Sunday, January 13, 2008

Meditation--Or At Least Sitting Quietly--As Defragmenting the Mind


I will admit to you that I am not good at meditation.

I have trouble sitting still on a cushion and completely zoning out.

But I am getting pretty good a just sitting still and calming my mind.

Saturday, my son Matt had a 7th grade basketball tournament in Alcester, SD, a small town about forty miles from where we live. Between the first and second game, there was about a three hour span. After talking to some of the parents, players, and my son, getting something to eat, and reading the local news paper, there was still plenty of time to "kill."

So, I decided I'd spend at least a half hour just sitting in a folding chair by the door to the gym and try not to think about anything.

I was largely successful.

While I came to no great insights into the meaning of life, my mind was clearer and calmer than when I began. And, just sitting there quietly was almost a form of invisibility. Life proceeded around me as kids joyfully went about the business of playing basketball and hanging out with their teammates.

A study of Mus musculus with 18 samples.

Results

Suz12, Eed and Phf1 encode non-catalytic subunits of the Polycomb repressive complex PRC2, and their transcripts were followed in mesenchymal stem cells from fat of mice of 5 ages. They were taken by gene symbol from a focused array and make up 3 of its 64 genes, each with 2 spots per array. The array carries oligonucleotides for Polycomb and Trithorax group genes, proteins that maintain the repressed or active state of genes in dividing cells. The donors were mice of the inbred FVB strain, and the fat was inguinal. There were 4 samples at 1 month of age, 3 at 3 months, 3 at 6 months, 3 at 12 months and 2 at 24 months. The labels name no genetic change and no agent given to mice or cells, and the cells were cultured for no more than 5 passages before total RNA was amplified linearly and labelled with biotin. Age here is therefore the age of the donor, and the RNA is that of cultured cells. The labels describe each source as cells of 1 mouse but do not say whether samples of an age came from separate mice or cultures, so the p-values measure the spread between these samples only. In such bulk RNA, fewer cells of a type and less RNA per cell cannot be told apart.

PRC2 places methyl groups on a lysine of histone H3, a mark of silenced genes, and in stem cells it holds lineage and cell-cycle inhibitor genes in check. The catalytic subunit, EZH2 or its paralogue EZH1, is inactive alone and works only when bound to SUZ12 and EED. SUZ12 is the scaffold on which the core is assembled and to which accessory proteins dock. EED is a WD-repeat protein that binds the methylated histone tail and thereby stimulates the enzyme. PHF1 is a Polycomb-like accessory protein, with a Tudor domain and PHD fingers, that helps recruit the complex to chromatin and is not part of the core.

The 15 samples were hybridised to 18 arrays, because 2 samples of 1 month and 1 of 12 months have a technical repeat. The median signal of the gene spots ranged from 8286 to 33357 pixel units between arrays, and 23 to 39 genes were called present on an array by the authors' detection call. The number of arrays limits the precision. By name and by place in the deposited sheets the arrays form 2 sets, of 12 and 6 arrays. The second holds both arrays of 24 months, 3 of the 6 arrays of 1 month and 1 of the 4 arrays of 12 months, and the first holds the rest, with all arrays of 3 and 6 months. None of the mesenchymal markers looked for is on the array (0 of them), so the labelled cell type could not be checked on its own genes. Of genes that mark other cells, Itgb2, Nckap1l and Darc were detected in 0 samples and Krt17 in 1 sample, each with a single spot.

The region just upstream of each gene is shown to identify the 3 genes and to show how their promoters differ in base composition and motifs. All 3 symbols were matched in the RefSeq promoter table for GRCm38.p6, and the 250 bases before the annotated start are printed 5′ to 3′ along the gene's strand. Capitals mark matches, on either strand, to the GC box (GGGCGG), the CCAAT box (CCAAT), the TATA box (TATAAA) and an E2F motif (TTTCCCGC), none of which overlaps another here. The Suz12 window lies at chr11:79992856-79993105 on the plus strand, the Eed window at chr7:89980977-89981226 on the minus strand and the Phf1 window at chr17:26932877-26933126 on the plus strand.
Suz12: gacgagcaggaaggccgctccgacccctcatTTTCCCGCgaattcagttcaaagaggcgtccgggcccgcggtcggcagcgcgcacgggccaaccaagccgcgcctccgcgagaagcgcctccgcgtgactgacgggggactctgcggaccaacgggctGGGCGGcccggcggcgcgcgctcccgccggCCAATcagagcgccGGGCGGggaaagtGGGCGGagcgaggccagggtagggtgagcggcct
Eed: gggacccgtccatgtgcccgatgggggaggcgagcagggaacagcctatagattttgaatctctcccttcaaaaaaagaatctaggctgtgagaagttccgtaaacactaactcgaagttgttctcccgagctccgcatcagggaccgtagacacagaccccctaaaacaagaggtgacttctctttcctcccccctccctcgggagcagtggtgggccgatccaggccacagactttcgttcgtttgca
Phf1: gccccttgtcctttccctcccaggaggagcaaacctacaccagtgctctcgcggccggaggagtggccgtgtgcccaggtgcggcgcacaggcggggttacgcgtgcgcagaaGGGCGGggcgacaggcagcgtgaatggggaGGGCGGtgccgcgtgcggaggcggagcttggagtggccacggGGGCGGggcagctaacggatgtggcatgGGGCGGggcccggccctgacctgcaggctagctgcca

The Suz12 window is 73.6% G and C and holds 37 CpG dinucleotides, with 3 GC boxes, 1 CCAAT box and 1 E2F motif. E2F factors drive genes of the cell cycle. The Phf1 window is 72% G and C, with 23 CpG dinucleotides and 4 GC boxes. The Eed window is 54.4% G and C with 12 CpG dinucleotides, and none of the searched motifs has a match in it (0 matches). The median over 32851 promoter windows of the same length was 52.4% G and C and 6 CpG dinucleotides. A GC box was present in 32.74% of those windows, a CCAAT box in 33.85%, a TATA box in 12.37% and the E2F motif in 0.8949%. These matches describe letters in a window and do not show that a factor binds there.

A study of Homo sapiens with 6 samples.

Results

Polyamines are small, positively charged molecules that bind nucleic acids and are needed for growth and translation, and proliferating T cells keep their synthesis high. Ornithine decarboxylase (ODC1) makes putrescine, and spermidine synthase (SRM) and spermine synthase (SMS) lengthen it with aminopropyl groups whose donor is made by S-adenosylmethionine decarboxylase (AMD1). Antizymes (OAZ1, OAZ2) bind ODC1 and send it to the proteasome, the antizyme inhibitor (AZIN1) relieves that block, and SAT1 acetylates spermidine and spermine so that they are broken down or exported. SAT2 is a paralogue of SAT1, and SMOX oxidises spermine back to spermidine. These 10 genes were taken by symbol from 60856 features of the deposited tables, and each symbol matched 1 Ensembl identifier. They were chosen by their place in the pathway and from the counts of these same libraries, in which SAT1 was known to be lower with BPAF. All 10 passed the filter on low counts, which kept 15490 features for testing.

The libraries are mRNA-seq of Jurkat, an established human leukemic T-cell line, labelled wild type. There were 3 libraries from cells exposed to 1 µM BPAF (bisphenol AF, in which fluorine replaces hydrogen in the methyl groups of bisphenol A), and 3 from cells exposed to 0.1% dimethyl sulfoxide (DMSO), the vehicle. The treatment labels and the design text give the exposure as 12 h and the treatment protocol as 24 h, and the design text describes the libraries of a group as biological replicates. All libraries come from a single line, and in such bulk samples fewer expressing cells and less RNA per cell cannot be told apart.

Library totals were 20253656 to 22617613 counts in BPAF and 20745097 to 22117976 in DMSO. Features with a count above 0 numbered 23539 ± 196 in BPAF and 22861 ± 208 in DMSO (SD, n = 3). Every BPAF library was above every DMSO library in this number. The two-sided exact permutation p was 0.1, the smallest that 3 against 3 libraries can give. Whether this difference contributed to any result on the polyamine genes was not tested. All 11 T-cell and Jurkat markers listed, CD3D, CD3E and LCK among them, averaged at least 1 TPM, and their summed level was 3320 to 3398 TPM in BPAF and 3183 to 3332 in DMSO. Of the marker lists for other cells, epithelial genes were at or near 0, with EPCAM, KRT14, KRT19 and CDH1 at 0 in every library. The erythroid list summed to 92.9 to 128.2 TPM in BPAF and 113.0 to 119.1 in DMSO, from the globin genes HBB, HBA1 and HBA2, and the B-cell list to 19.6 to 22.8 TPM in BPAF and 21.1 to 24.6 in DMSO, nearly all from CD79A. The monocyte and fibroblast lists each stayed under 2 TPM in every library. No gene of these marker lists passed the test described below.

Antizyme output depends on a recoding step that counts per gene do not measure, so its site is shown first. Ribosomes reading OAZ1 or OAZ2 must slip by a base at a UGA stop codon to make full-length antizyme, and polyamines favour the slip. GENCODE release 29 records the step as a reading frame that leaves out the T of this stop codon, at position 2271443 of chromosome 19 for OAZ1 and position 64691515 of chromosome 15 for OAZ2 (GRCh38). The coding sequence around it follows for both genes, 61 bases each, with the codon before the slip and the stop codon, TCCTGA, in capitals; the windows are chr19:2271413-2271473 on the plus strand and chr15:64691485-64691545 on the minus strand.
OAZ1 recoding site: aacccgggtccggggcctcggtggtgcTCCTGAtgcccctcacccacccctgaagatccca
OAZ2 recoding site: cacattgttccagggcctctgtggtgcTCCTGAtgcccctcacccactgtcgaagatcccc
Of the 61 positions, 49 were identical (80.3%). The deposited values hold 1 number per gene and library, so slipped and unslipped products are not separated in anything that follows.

As I "snapped out" of my basketball zazen, it did occur to me that what I was doing was akin to what I do on my computer once in a while--degragmenting or "defragging" the hard drive so program files are closer together and thus run more efficiently. I also think some deletion goes along with the defragging as needless "files" get eliminated while sitting quietly or meditating.

So, I had a good time watching my son and his team play, talking to parents--and defragmenting my mind--all during a morning at a basketball tournament.

Photo: My son Matt, a small forward for the Harrisburg 7th grade Tigers, drives the basket against an Alcester-Hudson player. I was not meditating at the time of taking this photo but fully aware of the game.